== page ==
US President George W Bush has authorised $25m (£13m) in fuel aid to North Korea under an agreement aimed at ending the country's nuclear programme.
The US, China, two Koreas, Japan and Russia are meeting in Beijing
Under a February deal, the US and other participants at the six-party talks agreed to provide North Korea with aid.
In return North Korea said it would shut down its main nuclear reactor - which it did in July - and eventually dismantle its entire nuclear programme.
Envoys are meeting in China to pin down details of the second part of the deal.
The announcement by the US followed the first day of negotiations in Beijing between the two Koreas, China, Japan, Russia and the US.
Heading into the talks on Thursday, US Assistant Secretary of State Christopher Hill told journalists that the idea was "to lay out a road map until the end of the year".
N Korea to "shut down and seal" Yongbyon reactor, then disable all nuclear facilities
In return, will be given 1m tons of heavy fuel oil
N Korea to invite IAEA back to monitor deal
Under earlier 2005 deal, N Korea agreed to end nuclear programme and return to non-proliferation treaty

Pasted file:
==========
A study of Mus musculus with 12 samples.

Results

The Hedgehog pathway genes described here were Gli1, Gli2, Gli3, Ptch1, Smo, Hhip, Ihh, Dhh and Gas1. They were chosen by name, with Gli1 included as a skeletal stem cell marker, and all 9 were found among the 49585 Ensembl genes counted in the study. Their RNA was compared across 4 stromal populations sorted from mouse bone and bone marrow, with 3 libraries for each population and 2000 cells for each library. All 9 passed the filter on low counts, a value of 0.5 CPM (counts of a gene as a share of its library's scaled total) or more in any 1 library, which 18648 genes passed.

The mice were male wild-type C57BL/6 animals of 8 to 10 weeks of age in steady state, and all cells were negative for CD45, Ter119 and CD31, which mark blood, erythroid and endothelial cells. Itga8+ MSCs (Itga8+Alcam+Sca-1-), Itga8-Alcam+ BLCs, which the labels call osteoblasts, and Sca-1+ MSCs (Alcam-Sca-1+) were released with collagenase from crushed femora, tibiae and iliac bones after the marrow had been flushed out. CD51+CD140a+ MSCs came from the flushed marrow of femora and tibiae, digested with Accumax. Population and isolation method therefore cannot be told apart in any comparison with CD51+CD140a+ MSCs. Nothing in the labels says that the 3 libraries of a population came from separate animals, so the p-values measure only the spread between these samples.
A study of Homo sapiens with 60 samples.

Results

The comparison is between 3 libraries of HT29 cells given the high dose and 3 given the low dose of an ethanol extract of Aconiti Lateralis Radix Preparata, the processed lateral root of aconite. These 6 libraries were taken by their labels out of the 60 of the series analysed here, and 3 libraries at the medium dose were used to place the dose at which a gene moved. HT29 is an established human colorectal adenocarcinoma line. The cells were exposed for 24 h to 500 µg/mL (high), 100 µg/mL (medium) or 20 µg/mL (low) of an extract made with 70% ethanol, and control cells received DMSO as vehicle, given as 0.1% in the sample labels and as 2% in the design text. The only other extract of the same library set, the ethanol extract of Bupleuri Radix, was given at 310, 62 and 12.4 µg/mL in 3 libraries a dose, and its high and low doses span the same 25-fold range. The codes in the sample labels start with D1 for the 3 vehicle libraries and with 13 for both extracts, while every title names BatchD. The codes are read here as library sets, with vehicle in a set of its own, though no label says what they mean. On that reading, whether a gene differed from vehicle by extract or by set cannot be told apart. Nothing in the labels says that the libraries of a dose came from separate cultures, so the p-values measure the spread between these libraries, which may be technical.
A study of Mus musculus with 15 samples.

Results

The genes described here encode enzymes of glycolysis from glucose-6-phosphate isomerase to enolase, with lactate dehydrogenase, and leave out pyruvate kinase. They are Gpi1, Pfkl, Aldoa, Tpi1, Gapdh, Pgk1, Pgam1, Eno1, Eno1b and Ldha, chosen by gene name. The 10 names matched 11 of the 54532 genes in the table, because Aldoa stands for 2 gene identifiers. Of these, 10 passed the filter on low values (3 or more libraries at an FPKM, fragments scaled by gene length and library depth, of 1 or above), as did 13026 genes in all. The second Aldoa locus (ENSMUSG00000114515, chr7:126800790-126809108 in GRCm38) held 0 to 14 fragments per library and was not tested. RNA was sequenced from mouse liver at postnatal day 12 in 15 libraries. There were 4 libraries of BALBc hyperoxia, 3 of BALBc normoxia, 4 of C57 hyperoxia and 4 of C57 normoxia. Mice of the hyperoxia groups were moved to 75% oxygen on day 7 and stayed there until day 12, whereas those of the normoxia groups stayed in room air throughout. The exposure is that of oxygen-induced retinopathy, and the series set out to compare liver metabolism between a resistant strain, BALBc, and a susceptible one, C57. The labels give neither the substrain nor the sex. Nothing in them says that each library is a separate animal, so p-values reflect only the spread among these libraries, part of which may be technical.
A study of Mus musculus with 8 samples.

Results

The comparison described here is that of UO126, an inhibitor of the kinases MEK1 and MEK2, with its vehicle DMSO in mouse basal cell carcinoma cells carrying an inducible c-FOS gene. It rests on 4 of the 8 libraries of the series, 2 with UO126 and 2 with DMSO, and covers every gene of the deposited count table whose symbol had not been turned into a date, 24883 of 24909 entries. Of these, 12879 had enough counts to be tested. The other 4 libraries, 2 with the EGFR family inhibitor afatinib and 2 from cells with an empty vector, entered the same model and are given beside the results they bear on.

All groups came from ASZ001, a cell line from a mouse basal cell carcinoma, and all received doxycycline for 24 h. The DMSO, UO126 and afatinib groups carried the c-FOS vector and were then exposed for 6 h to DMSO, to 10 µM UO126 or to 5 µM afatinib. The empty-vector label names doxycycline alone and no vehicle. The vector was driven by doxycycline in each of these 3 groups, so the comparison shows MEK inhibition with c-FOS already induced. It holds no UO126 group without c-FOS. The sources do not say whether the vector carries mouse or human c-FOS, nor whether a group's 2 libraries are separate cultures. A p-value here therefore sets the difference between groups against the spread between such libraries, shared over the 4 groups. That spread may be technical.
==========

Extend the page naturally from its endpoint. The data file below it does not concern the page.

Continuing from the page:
N Korea's demand for light water reactor to be discussed at "appropriate time"
He said that North Korea had agreed to some measures but more work was needed.
"[North Korea] has agreed to some steps and I think we've looked at what they've agreed to and, frankly, we'd like more and they'd like less and let's see what we end up with," he said.
There was no agreement on what constituted disabling yet, he said.
The South Korean negotiator, Chun Yung-woo, said that the differences were not insurmountable because the "political will" was there to reach an agreement.
North Korea tested its first nuclear device in October 2006.